POWRi Midget Series Succeeding By Old-School Means

Brett Anderson (11) and Brad Loyet during a POWRi National Midget Series event in 2010. (Kevin Horcher Photo)

One simple sentence speaks volumes about how Performance Open Wheel Racing, Inc., the sanctioning body known to short-track race fans as POWRi, has rejuvenated midget racing in the St. Louis area.

“We are just racers running races,” said Kenny Brown, a 50-year-old former midget driver from Millstadt, Ill., who owns and operates the POWRi organization along with his partner Jim Siner.

“Jim is the director of our series and I oversee the management portion of it,” said Brown, who recently signed Lucas Oil as the title sponsor for the POWRi National Midget Series. “I do all the sponsorship and administrative stuff. I get all the headaches, but Jim gets them for the nights we are racing. It really works well between the two of us.”

Like so many others, Brown became a midget owner and driver because of a family connection.

“I got involved in racing through my brother-in-law, Steve Knepper. One Thanksgiving we got a little bored after we finished eating and decided to go take a look at a midget Steve said he wanted to sell,” Brown said. “We went up to his shop to see the car and I said, ‘Let’s try this,’ and I bought it. I owe all of this to Steve Knepper for getting me started in racing. That was probably 12 years ago.”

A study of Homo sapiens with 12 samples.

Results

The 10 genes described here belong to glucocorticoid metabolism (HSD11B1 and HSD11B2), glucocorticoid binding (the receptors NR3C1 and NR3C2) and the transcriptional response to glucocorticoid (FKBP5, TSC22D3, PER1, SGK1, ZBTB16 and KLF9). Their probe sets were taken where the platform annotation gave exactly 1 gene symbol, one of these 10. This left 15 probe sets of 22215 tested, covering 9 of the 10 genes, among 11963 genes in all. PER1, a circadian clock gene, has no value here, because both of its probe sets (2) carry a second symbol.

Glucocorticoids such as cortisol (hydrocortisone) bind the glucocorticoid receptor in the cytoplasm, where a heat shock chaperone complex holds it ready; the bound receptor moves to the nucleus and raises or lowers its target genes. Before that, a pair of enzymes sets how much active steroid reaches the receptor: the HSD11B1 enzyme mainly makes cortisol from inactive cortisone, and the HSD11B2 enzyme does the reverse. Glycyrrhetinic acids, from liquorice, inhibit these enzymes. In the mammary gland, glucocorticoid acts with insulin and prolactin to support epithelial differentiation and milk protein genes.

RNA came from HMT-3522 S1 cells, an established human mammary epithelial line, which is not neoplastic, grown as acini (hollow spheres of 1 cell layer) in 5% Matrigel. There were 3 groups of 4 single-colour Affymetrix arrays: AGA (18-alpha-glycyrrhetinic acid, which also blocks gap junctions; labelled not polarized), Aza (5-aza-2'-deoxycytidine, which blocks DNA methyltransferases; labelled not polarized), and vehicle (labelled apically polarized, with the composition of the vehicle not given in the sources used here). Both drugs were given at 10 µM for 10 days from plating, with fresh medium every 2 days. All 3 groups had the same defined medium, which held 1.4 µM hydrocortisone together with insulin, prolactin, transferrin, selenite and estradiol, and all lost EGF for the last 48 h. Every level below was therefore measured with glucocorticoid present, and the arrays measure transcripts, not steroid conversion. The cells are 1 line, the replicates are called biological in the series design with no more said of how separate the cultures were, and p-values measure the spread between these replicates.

But just like the majority of those who participate in the POWRi series, Brown is truly a weekend warrior.

“The series is really a weekend deal,” he said. “I work for Anheuser-Busch in the St. Louis corporate office, making beer. I’m the QA [quality assurance] manager for the St. Louis plant and oversee the St. Louis facility in producing Budweiser, Bud Light and all of the other great brands that we have. So my main goal in life is to make good product for Anheuser-Busch.

“I’ve learned a lot from Anheuser-Busch. They’ve got a fantastic marketing program and they’ve got a very good business plan,” Brown added. “Working for a company like this has taught me how to run a business, whether it’s a racing organization, a speed shop or anything else.”

When he got involved in midget racing, Brown never envisioned he would eventually operate a sanctioning body. It was something that just kind of evolved.

“I got on the MARA (Midwest Auto Racing Ass’n) board and was vice president for the MARA organization. We were just kind of getting to the later end of the day where as a club we were losing our edge,” Brown recalled. “That’s when I decided we needed to go in a different direction. We needed races in the St. Louis area and that’s what really got me started in the promotion business. I rented Belle-Clair Speedway and we did three or four races one year. The next year we did five and that’s when I decided we should start our own sanctioning body.”